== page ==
Every time I play Ubisoft’s gargantuan Assassin’s Creed Odyssey I’m astounded at how much of it I have left. I’m also left startled by how different an experience I seem to have had from many other players.
I’ve heard some people complain that Odyssey is a grind, that they level too slowly, and that they’re convinced that Ubisoft throttled progression to coax players into buying the game’s optional, $10 experience-point booster.
A colleague told me he finished the game’s, doing the major quests, lots of sidequests and unfogging the entire map yet barely reached the game’s original level cap of 50.
Me? I haven’t even seen most of the game’s main landmass yet and am having a great time.
I have purchased no boosters. I’ve just done a lot of sidequests and then taken a break from those sidequests to poke through even more optional stuff. This is my preferred way to play. I like wandering around in massive open-world games, climbing virtual mountains and diving into virtual lakes and it seems the game is rewarding me for it.
When I play Odyssey, I’ll spot a cluster of question marks on the game’s map and venture toward them to find out what they represent. If they point me to the location of “alpha animals” to kill or optional enemy bases to clear, I’m into it. I use these missable encounters to sharpen my skills and see more of the game’s beautiful scenery. Usually all this wandering leads me to more sidequests and hidden loot, too.
I’m about 75 hours into the game, but I think I’ve been off the game’s main quest path for the past 30 or 40. I’m exploring the game’s islands, which are mostly in the eastern half of Odyssey’s map and are full of surprising micro-odysseys. On one island I found a series of quests in a region full of people clearly trying to scam tourists who are interested in the legend of the minotaur. On another I witnessed the surprise return of a character who I’d last encountered 60 hours ago in the west. There’s an island that features a test to distinguish between two identical twins and another that hides treasure atop a volcano. There’s even a tiny island full of deadly chickens. There are also pockets of satisfying exploration to be done even between the islands, where I recently learned that sunken shipwrecks may contain figureheads that you can attach to your ship. I got a cool octopus for my trouble.
Odyssey must have hundreds of quests. An unexpectedly large number of them are tied together and move the player’s main adventures forward. While the ones that advance the game’s primary story are obvious, many others do not immediately advertise that they will further the player’s other goals of murdering dozens of members of a map-spanning cult or tracing the possible presence of creatures of ancient myth. I am impressed that so much of this stitches together, but that wouldn’t have been necessary to keep me playing. I’m simply very much into this kind of adventure, which suits the wandering, adventurous, omnivorous way I like to play sprawling games.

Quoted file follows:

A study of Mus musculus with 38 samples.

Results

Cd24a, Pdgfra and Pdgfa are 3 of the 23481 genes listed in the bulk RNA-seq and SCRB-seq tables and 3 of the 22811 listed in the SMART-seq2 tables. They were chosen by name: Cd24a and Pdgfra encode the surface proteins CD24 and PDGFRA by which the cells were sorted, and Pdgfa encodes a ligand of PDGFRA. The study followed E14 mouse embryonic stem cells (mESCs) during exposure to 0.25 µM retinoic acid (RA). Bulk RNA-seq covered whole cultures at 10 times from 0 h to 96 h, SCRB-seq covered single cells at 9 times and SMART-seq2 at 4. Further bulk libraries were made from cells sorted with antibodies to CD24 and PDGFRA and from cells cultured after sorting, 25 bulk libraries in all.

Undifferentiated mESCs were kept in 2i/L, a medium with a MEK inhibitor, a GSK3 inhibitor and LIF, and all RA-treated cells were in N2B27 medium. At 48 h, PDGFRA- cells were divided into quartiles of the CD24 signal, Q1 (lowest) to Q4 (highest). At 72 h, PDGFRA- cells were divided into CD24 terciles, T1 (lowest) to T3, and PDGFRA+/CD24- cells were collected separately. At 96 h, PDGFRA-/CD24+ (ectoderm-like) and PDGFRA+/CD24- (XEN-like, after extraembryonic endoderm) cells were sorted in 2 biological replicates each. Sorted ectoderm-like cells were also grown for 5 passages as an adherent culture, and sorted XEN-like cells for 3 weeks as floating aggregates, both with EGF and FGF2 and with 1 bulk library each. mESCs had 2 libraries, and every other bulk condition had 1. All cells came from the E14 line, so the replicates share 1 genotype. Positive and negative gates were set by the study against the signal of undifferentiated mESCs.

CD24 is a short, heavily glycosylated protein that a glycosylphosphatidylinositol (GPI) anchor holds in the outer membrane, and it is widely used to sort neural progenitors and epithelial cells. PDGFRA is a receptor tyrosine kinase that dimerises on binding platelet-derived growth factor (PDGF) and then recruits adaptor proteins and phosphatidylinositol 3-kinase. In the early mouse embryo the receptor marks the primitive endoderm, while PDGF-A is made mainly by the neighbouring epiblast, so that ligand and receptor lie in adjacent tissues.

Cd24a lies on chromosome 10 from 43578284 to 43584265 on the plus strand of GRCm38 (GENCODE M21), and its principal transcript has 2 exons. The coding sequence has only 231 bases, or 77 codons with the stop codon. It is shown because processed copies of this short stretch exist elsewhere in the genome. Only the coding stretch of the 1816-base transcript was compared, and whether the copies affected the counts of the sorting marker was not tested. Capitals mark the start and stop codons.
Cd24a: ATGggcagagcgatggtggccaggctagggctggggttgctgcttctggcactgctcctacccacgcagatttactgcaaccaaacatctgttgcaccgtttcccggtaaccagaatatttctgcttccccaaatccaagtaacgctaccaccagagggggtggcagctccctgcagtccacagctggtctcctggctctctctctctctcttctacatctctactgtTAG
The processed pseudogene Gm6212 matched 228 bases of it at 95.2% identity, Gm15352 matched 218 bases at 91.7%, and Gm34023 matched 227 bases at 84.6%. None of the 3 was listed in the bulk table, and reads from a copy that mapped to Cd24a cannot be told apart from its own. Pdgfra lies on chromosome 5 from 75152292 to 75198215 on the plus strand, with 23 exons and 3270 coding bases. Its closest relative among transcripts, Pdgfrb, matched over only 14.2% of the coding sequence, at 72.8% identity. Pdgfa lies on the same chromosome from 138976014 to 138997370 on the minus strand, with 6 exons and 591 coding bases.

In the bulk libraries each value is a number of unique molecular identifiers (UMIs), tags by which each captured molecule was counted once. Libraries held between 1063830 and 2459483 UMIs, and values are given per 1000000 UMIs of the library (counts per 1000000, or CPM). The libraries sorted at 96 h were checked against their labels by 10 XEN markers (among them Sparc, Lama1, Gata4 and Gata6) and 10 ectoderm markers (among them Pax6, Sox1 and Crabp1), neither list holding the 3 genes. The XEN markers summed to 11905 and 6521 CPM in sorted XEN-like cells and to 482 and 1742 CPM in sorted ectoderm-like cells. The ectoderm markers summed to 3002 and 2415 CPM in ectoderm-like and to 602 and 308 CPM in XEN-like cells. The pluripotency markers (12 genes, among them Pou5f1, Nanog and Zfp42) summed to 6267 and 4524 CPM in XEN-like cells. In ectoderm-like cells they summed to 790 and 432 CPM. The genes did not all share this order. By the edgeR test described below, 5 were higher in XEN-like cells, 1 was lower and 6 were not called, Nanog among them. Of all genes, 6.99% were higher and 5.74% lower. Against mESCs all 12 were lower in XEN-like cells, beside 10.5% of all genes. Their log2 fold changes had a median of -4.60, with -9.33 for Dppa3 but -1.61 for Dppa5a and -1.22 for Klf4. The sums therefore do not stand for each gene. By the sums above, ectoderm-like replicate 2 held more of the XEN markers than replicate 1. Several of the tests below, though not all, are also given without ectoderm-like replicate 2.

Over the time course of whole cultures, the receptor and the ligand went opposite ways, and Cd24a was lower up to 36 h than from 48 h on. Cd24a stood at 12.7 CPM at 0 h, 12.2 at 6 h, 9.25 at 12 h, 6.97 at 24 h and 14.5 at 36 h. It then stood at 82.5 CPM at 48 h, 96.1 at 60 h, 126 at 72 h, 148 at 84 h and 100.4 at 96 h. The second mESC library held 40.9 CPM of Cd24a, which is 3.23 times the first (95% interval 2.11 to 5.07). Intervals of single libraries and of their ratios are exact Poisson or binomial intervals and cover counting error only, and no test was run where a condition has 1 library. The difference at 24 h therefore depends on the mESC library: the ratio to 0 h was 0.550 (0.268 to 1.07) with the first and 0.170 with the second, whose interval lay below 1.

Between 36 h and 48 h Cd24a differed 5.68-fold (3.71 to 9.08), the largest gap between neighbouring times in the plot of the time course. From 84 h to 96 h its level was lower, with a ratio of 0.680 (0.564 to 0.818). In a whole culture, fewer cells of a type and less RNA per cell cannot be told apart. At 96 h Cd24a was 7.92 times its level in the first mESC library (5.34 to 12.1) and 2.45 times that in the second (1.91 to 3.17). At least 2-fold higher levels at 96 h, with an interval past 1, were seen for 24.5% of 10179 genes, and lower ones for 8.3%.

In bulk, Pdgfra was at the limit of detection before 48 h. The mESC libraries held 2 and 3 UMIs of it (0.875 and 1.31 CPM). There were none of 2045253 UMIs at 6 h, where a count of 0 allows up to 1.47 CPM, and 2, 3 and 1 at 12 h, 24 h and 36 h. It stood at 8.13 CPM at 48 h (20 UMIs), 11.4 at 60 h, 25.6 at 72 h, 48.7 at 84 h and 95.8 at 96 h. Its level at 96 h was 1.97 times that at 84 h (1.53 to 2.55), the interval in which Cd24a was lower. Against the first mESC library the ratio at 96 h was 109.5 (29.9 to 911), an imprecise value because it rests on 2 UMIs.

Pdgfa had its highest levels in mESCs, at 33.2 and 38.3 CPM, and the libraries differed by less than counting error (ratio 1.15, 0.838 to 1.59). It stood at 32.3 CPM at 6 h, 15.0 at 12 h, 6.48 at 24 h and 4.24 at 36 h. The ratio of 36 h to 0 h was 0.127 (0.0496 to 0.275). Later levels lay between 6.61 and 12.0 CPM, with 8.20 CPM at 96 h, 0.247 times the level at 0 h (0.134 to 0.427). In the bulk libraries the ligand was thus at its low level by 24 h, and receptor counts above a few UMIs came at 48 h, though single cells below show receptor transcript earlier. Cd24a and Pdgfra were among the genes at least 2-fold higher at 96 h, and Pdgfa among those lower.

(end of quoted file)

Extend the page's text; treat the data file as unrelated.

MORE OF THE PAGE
For others, much of what Odyssey offers off its main path is just too much of a grind. They find the game too repetitious as one fort raid blends into the next and too many treasure chests cough up unneeded swords and armor. I don’t mind, as I chip away at the game for an hour or two each night after putting my kids to bed. Some of what I’ll find in each session is overly familiar, but I usually encounter far more surprises and many more beautiful sights.
I do have one tip for people looking to level up faster in the game: Grab the contracts posted on the message boards in each town. These contracts usually ask players to sink a certain number of enemy ships or kill a certain number of soldiers. I never actively try to complete them—and I avoid the ones on daily or weekly timers—but the game tracks their progress as I play naturally. Inevitably I achieve the contract goals while doing other stuff. I’m regularly startled by how generously they pay out experience points. With that added XP, I can in turn activate more and more powerful abilities that make things like quickly raiding enemy camps or identifying the locations of hidden loot easier and easier.
Ubisoft recently raised Odyssey’s level cap to 70 and added a lot more quests—some paid, some free—to the game’s map. I don’t see myself finishing the game soon, but as I exhaustively tour its islands, I do feel the mainland beckoning me. Once I get there, I suspect I’ll soon finally have seen more than half of what this game has to offer. It only took me 75 largely enjoyable hours.